Born in the lone star state of Texas, Americana in 1969, Todd White is a critically acclaimed contemporary figurative artiste with a viciously funny take on a creative world and whose witty illustrative observations make all the right graphic noises. After enjoying a non-descript childhood, a still youthful White headed off to them there Hollywood hills to seek his fame and fortune, like so many have done before. Side-swerving bar work and pizza delivery, White landed himself a solely artistic gig at the world famous Warner Brothers Studios; on account of his creative bent.

In his new role of animator, White quickly rose through the art studio ranks as his unique visual style developed and evolved with each project he collaborated on. Amongst those were the insanely popular children’s animated shows such as ‘Tiny Toons’, and the slightly older children’s animated shows, such as ‘Ren&Stimpy’. Although relatively box office, White’s illustrative career went KERCHING! From 1999, when his work was set to go major box office.In terms of kids toons, any road. Working with Nickelodeon bods, White was handed the Lead Character Designer role on a new show called, yup you guessed it (or perhaps not), ‘SpongeBob SquarePants’. Proving an overnight success, White began believing his own hype a little too much maybe, as colleagues recall him thereafter challenging all comers to regular kung-fu fights on the studio’s parking lot roof, whilst regularly rocking up to work in a bolero hat.

Inevitably, and after a few years basking in the radiance of his cartoon creation, kids’ notoriously fickle interest/attention span for SpongeBob waned, and with it White’s passion for working on behalf of ‘the man’. Instead, he’d long harboured the dream of doing his own thang, alone, and striking out as a professional artist in his own right. Spirited both physically and emotionally, White threw his energies and raw and rampant creativity into getting his personal work noticed on the hard-to-break LA gallery scene, and traipsed all the usual venues and watering holes/haunts of the rich and famous flaunting his flamboyant interpretations of an imagined universe populated by Martini-soaked scenes of natty cads and sultry vixens.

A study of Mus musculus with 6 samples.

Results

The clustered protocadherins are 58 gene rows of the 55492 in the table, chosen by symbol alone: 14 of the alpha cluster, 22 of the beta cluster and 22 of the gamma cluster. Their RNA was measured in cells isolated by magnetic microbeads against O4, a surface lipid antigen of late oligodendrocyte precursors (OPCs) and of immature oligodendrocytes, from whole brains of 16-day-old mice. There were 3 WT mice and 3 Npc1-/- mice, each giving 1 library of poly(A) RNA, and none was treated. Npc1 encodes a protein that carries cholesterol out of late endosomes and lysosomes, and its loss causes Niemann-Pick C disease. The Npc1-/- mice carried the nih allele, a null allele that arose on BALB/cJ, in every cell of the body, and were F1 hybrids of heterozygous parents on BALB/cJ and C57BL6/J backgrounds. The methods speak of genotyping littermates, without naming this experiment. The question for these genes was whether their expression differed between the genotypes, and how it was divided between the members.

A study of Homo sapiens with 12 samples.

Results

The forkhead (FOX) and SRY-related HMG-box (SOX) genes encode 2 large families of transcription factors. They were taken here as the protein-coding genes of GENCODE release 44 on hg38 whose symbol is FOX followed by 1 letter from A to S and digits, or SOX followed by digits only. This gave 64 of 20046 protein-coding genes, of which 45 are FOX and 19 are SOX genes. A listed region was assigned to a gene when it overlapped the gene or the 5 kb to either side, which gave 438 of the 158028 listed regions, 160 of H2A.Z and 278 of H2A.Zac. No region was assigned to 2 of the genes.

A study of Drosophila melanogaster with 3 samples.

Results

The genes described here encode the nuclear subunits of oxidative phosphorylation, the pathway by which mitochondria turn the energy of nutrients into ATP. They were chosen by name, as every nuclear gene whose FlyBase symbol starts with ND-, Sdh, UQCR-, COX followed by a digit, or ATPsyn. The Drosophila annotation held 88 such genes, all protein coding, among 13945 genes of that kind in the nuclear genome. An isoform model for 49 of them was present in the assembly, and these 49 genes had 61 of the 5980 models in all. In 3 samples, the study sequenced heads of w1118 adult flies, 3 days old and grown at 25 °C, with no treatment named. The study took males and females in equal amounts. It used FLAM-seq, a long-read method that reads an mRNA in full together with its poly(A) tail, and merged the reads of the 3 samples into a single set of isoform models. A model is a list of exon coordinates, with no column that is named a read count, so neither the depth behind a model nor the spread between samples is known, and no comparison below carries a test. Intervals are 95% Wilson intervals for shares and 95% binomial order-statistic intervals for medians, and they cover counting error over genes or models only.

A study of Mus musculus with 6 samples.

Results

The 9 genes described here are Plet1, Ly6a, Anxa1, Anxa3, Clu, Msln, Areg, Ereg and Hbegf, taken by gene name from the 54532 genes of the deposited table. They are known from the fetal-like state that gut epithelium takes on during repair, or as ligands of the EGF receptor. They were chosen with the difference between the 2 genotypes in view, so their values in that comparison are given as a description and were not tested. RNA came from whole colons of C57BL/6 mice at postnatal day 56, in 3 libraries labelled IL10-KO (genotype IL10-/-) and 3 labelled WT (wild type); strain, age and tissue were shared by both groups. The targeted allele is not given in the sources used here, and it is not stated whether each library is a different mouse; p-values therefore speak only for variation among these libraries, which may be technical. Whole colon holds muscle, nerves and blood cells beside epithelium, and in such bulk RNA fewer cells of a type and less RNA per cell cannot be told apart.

Eventually White talked bar owners into hanging his art from their celebrity-encrusted walls, as he grew tired of attempting to flog his work from the back of his pick-up truck, strategically positioned outside of neighbourhood art fairs in downtown Los Angeles. His perserverence paid off, and White’s painting began to shift in volume, so much so that he ultimately closed the door on commercial animation for good and left the studios which had been a secure home ever since he pitched up in Hollywood. Success quickly followed both awareness and recognition, with reputation gaining its own foothold thereafter, as White was suddenly noticed in all of the right places for all of the right reasons according to him. Over the next period of time White became the unelected poster boy of the LA contemporary art set, attending all the right gatherings and schmoozing all the right people. And that, essentially is the short story of Mr White.

Figurative expressionism is the tag or label which hangs from White’s neck if indeed he must wear one to describe his extraordinary artistic wares, although ‘observational artist’ is another moniker which tends to have stuck too. Our personal favourite however is the ‘Rat-Pack meets Picasso’ casual evaluation of White and his work, fired off sometime in recent history, which kinda suits if you ask us. White’s certainly courted the industry plaudits since turning professional and making his name in his genre, which was kick-started in 2007 when he was earmarked from hundreds of competitors to assume the mantle of the Official Artist of the GRAMMY® Awards that particular year.

18 months down the line and White was being invited by Warner Bros. to contribute to a major design exhibition celebrating the 70th Anniversary of The Wizard of Oz, which thereafter toured some of the world’s most culturally significant countries, from London, England and Dubai, to Toronto, Canada and Japan amongst others. In 2010 White worked with Coca-Cola, producing six unique sketches which became collectors editions immediately on release, while that same year his first book was published, which comprised not just an autobiographical content and appeal but a host of original sketches to boot.Like the man himself, White's work is infectious, capturing the attention and imagination of art collectors around the world in addition to many Hollywood celebrities, as his reputation has been stamped not only as an exhilarating and revered artistic talent but also something of a style icon, as the creator of highly collectable and much sought items of designer decor.